SOMERSET --Residents at an embattled state facility for mentally retarded adults appear to be safe and well cared for, according to a team of federal inspectors.
But the inspectors gave no guarantee when they spoke to Bluegrass Oakwood officials Thursday that the facility would retain Medicaid funding. The inspectors surveyed the center for four days.
"We were hoping to get more information," said Joseph A. Toy, president of the Bluegrass Mental Health-Mental Retardation Board, which runs Oakwood for the state. "It's very frustrating."
An official with the state Cabinet for Health and Family Services said he views the recent findings as positive.
"They found the facility is a safe place for the residents to be and the facility is in compliance with federal standards for client safety," said Dr. William Hacker, the cabinet's acting undersecretary for health.
The Somerset facility, home to about 230 people with mental retardation and other disabilities, came under fire last year after receiving more than two dozen serious citations from state regulators that dealt with patient neglect and endangerment. In one instance, a resident drowned after he was left alone while taking a bath.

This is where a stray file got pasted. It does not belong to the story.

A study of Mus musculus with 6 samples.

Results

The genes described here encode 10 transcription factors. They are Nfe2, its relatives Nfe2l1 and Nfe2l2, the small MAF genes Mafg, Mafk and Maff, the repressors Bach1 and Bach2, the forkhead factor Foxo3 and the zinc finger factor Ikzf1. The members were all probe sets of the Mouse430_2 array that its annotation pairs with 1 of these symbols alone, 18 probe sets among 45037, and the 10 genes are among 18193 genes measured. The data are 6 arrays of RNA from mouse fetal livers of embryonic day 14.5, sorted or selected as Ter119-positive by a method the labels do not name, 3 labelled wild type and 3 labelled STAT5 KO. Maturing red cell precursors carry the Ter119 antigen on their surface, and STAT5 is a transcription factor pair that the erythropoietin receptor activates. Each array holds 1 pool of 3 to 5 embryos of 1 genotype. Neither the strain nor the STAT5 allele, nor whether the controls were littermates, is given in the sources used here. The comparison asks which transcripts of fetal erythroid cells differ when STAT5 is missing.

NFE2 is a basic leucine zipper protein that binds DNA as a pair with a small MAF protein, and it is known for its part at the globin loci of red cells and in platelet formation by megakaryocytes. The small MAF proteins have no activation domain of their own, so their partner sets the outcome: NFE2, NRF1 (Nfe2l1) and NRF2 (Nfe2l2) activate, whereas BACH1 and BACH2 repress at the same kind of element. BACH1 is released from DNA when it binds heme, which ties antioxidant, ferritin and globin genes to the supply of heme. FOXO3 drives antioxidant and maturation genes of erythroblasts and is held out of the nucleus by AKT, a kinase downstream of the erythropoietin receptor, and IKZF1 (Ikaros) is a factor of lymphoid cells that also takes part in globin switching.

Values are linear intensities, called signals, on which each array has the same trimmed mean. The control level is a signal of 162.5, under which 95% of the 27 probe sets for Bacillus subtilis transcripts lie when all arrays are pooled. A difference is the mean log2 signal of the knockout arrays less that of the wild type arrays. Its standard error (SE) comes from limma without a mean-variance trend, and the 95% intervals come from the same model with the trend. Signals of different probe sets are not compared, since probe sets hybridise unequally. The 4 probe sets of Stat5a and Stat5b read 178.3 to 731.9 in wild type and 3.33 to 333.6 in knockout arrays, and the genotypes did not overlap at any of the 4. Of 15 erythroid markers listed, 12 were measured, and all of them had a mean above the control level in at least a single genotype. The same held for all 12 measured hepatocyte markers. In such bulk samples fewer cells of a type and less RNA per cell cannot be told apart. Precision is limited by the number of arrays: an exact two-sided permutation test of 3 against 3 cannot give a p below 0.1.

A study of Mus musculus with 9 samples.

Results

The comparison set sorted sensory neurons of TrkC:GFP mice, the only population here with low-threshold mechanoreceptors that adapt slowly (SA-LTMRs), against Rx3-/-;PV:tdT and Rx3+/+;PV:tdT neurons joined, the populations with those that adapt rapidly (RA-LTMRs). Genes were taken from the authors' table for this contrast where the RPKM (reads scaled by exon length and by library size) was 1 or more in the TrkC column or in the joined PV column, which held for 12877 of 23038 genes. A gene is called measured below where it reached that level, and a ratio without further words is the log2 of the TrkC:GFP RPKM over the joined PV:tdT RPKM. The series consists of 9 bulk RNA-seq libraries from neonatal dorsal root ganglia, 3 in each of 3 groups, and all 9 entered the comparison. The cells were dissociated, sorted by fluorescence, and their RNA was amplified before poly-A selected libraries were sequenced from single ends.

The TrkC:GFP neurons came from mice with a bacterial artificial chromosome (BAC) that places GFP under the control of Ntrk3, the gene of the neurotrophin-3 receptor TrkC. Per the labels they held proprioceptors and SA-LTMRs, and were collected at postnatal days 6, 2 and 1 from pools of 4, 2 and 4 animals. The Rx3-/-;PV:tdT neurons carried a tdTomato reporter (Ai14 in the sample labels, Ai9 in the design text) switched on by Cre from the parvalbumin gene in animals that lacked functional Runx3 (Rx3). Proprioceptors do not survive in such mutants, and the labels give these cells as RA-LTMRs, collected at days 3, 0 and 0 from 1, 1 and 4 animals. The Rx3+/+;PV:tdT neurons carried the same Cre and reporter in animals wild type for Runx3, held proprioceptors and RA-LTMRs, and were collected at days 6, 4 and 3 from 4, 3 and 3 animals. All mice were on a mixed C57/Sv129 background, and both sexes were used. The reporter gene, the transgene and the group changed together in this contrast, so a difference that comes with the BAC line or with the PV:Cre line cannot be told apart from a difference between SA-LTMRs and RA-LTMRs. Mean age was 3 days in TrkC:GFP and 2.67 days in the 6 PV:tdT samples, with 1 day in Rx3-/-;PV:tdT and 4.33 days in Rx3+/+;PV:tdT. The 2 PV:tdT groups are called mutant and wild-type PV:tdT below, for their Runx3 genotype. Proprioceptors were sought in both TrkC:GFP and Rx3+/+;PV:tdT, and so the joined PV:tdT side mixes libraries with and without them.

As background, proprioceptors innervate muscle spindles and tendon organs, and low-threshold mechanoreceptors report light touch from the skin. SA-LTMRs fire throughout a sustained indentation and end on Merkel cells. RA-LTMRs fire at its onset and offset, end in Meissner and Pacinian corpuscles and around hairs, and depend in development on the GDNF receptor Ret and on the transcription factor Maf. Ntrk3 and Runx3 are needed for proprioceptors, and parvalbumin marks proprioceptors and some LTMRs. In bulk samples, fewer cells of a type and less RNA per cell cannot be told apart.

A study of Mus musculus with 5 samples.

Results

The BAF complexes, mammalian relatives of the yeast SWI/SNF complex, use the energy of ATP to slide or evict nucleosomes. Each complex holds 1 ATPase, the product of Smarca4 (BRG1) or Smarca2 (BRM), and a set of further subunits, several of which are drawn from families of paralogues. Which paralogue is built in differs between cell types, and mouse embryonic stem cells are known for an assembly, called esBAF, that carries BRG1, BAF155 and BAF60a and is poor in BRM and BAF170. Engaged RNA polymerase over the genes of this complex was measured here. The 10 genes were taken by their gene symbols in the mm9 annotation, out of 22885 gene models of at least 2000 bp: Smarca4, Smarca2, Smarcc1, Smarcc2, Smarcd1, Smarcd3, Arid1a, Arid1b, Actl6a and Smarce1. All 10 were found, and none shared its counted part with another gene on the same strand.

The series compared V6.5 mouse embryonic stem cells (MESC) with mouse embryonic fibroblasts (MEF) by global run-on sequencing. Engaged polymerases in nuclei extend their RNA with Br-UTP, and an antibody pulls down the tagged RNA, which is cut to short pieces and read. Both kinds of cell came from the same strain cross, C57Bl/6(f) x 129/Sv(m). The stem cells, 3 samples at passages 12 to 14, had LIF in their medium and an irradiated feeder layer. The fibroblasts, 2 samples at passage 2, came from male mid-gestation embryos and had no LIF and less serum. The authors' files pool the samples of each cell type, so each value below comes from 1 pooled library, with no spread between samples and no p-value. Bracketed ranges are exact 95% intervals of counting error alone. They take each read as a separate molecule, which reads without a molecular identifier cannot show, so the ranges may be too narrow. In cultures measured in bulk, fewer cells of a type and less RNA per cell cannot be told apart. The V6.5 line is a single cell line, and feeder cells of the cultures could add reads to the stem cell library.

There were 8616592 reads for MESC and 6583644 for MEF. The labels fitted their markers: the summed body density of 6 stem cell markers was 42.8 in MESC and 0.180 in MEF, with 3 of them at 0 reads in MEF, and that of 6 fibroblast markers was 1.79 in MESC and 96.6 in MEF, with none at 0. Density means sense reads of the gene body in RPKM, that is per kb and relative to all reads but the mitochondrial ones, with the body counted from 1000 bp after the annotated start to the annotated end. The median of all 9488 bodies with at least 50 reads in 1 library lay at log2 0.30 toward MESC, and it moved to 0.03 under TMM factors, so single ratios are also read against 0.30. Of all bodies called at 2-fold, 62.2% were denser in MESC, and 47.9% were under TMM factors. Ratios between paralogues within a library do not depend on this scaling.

The federal government is considering whether to terminate federal funds because of the past incidents. Medicaid provides about 40 percent of the $75 million annual cost of operating Oakwood.
Kentucky hired Toy's agency a year ago to run Oakwood and improve conditions for residents.
Toy said the federal team said Oakwood managers should do more to improve "active treatment" -- keeping residents busy and engaged in daily activities. He said Bluegrass has been working to improve services in that area and will continue to do so.
Hacker said state officials will consider the findings and determine what the next step should be to try to preserve Medicaid funding.
A spokeswoman for the Centers for Medicare and Medicaid Services declined to comment on the recent inspection's findings.